After two-and-a-half years of negotiation and a complete failure to get parliamentary support for her Brexit deal, Theresa May’s impotency climaxed, if that is not an oxymoron, in an eight-hour cabinet lock-in at Number 10 where she came up with a plan – to blame Jeremy Corbyn.
Ingenious, Baldrick. But let’s not forget that in the snap election of 2017, she warned the British public that Corbyn would be “alone and naked in the negotiating chamber of the European Union” if left in charge of Brexit.
And yet, now he is to become her fig leaf.
Brexit is taking a wrecking ball to the Tories and May’s move to bond with Corbyn – whether cynical or not – has just rubbed salt into very raw wounds. Members have taken scissors to their party cards. Two ministers have gone and many more are threatening the same.
This Tory Brexit may have already split the country, but it now threatens to rip apart the party and Corbyn, by personal invitation of Theresa May, could be the ultimate destroyer.
But equally, if Corbyn agrees, as has been widely rumoured, to abandon party policy on freedom of movement in a concession to the PM, then this too could be the end of Labour. It would truly be his Nick Clegg free tuition moment, his Blair Iraq folly.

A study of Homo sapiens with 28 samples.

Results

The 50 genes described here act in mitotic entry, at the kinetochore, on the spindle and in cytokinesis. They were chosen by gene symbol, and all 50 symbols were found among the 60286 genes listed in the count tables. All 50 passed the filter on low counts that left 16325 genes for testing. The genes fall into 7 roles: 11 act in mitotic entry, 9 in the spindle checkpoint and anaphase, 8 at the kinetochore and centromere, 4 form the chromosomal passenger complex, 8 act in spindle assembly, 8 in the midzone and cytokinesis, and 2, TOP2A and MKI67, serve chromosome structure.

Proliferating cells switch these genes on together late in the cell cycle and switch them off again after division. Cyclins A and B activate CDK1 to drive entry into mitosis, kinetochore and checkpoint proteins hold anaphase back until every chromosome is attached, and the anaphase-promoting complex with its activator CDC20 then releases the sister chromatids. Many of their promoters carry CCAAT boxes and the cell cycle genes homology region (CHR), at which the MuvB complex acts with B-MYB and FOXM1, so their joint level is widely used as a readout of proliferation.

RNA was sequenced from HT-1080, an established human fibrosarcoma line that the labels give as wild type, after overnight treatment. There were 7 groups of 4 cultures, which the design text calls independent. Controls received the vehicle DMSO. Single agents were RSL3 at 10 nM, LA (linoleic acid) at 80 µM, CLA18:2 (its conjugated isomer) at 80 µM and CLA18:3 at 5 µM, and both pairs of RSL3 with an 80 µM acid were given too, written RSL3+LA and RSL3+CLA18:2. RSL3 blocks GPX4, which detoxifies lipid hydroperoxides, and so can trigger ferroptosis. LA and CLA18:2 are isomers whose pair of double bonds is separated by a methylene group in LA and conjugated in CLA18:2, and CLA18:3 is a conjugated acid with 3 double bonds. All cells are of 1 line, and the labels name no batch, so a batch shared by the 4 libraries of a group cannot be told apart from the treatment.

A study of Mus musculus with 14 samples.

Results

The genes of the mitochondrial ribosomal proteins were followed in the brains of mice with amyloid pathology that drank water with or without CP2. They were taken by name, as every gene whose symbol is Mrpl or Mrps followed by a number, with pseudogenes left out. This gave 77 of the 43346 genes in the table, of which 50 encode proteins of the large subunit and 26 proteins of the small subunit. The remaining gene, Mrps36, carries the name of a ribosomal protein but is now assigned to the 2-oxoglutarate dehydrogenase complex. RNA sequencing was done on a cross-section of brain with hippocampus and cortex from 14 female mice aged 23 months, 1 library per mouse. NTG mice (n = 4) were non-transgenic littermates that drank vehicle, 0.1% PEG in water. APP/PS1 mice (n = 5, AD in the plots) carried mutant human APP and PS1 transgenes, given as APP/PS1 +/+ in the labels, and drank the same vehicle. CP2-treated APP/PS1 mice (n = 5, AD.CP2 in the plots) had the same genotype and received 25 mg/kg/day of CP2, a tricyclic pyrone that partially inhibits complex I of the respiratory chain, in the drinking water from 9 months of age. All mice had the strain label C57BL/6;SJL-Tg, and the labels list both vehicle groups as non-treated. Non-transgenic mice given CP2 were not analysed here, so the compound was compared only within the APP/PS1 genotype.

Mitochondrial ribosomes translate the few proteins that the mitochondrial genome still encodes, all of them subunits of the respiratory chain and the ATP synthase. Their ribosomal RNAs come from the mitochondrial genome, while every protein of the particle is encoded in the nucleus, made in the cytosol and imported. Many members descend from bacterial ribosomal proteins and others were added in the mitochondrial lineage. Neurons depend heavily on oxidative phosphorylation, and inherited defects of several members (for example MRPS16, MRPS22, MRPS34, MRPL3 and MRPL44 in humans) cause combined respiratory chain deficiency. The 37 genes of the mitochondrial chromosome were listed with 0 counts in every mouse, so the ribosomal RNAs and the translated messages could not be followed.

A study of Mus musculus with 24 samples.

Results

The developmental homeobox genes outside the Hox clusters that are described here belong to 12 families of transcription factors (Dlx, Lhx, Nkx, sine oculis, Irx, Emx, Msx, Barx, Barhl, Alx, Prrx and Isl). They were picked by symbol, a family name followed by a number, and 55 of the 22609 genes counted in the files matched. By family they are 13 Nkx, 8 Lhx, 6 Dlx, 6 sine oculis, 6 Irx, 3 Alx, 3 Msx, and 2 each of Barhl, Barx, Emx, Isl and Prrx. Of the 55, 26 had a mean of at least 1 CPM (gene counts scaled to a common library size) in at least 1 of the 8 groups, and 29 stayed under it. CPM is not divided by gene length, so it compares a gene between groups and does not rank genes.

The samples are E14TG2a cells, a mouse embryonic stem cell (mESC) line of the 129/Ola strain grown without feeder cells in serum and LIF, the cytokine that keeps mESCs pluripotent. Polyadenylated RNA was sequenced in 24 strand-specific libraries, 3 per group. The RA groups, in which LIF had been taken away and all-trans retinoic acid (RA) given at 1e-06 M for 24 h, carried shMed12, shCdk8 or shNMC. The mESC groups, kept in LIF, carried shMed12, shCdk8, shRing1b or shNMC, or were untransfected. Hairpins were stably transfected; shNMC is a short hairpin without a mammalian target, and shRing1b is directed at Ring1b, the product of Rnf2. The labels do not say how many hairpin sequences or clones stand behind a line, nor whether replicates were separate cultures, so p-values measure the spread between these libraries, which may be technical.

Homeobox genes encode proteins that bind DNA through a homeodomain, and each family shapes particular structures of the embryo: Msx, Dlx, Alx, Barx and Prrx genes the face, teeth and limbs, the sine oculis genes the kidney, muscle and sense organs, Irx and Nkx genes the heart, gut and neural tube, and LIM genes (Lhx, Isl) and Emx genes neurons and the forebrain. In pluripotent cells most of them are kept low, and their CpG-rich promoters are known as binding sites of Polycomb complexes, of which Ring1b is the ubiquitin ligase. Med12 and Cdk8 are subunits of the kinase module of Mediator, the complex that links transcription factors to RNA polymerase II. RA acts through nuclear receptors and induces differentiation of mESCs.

Freedom of movement should not be up for debate by the leader of the Labour Party. It gets to the fundamentals about global inequity and to eschew it feeds right in to the bigotry and ignorance about European immigration that fuelled Brexit in the first place.
Labour needs to be very careful that when it gets into bed with the Tories, it doesn’t wake up sounding like Ukip.
These are existential moments in the political history of these isles. Brexit was meant to just be about leaving the EU but instead, it is ripping up our party-political system – maybe no bad thing, plunged us into a national crisis where a no-deal has actually become a favoured option and it has made us the laughing stock of the world.
And in Scotland, where more than 62% voted to Remain, that vote has felt largely ignored.
And so, what of Ruth Davidson’s so-called block of 13 Scottish Tory MPs?
What have they done to further Scotland’s case over the withdrawal from the EU?
Davidson returns from maternity leave in a few weeks’ time to the prospect that her party has managed to secure a no-deal Brexit and over the cliff we go.
How then will she counter the argument that she is simply an instrument of the party of Brexit, the party of this omnishambles, the party that split Britain, the party that threatened the Good Friday Agreement, the party that did not stand up for Scotland?
None of that is a comfortable position for a party leader to be in, in a country still so overwhelmingly pro-European and when there is an election to fight in two years’ time.
Maybe it will be time for Davidson to borrow the Prime Minister’s “cojones of steel” which she has so admired and spell out what she stands for now.